A controversial mass based around the music and messages of pop-icon Beyoncé Knowles-Carter drew as many as 900 people to an Episcopal cathedral in San Francisco last week, up from around the 50 who usually attend weekday services.
The Rev. Yolanda Norton, a San Francisco Theological Seminary assistant professor who specializes in the Old Testament, told the San Francisco Chronicle last week that the service, held at Grace Cathedral on Wednesday, was inspired from a desire to explore female-centric interpretations of the Bible.
"When we talk about womanist biblical interpretation, Beyoncé felt like a natural fit," Norton said. "If we look at the trajectory of her person and her relationships, we can see so many issues black women face and how it can affect how we interpret the text."
The Rev. Jude Harmon of Grace Cathedral explained that the mass was part of a three-part series on Grace, titled "Speaking Truth: The Power of Story in Community," which seeks to focus on marginalized elements in the Christian community, such as women and people of color.
Harmon admitted that there has been controversy surrounding the mass, revealing that although the "majority of responses from members have been overwhelmingly positive," other people have made their objections known through phone calls, email, and social media.
KTVU reported that while the service did not feature any images of Knowles-Carter, church musicians performed several of her songs. There were Bible readings from the book of Luke and Psalms, followed by some of the singer's hits, such as "Freedom" and "Flaws and All."
A number of people who attended the mass admitted that they don't normally go to church, but were attracted by the premise.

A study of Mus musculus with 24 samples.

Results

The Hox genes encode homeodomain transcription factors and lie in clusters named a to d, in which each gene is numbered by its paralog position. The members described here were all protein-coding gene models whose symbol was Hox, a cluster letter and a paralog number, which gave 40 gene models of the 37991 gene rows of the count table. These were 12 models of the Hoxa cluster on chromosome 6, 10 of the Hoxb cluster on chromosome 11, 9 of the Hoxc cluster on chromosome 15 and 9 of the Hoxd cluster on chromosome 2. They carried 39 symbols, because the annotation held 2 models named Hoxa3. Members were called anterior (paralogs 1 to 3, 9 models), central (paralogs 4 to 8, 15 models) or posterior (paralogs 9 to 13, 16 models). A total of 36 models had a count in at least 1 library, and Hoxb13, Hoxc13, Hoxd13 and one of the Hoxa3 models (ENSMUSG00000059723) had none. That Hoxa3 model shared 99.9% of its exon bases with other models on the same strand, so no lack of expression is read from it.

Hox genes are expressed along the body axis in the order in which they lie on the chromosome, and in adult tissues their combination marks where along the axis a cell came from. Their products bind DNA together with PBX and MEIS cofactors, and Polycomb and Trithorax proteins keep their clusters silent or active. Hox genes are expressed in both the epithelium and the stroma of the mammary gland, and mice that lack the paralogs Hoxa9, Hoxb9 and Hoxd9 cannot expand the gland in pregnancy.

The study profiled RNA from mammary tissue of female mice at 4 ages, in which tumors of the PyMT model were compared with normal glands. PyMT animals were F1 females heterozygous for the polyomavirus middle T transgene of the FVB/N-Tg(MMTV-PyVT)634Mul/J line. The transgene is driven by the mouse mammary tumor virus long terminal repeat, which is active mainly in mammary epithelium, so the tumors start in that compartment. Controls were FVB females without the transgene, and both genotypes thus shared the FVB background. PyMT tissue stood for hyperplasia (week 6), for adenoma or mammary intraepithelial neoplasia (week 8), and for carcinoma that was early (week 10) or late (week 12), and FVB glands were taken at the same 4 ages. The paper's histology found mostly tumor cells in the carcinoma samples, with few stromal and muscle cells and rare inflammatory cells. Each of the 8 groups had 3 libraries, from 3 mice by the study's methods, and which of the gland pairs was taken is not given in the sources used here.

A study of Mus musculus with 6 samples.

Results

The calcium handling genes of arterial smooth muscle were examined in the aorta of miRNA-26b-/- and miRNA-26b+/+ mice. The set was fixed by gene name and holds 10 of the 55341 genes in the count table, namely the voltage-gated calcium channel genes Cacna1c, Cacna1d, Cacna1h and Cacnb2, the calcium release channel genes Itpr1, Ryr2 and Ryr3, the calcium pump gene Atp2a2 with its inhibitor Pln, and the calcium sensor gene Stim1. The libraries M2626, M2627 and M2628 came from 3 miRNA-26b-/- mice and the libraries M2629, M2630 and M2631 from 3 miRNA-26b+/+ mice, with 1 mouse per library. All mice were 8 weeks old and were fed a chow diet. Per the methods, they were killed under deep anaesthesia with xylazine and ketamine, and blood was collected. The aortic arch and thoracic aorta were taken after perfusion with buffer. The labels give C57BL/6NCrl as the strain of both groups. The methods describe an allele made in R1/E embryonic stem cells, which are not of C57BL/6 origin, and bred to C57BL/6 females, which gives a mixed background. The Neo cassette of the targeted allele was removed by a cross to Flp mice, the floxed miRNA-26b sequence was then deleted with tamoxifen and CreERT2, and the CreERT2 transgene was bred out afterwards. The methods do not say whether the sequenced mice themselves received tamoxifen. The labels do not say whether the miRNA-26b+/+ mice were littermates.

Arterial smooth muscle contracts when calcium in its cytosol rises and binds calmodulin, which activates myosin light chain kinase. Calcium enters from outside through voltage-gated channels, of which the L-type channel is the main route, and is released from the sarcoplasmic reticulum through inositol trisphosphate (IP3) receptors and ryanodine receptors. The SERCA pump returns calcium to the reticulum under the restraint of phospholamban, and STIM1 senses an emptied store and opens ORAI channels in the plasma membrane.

"Honestly, it was just an opportunity to hang out with my friends and hang out with Beyoncé spiritually. It's just a cool time," said Oakland resident Lauren Aldredgek who's a fan of the singer.
Harmon, who is the church's director of innovative ministries, insisted earlier in April that the service was not "just a cheap way to get people in the church."
"But Jesus used very provocative images in the stories He would tell to incite people to ask hard questions about their own religious assumptions. He regularly provoked. We're following in the way of Jesus," he said.
Some Christian voices have criticized Knowles-Carter's musical performances in the past, such as at the February 2017 Grammy Awards where she dressed as Roman, Hindu, and African goddesses.
"A problem emerges the moment you change your deity," Charlie Self, a professor at the Assemblies of God Theological Seminary of Evangel University in Springfield, Missouri, told The Christian Post in an interview at the time.
"And the minute you change your deity, you change your morality. Now what you have is a set of activities focused on fertility, focused on the forces of nature. But what makes today's paganism worse is that at least in ancient times they were for good crops and babies. Now, we kill the babies and have replaced intimacy with God with personal and sexual pleasure."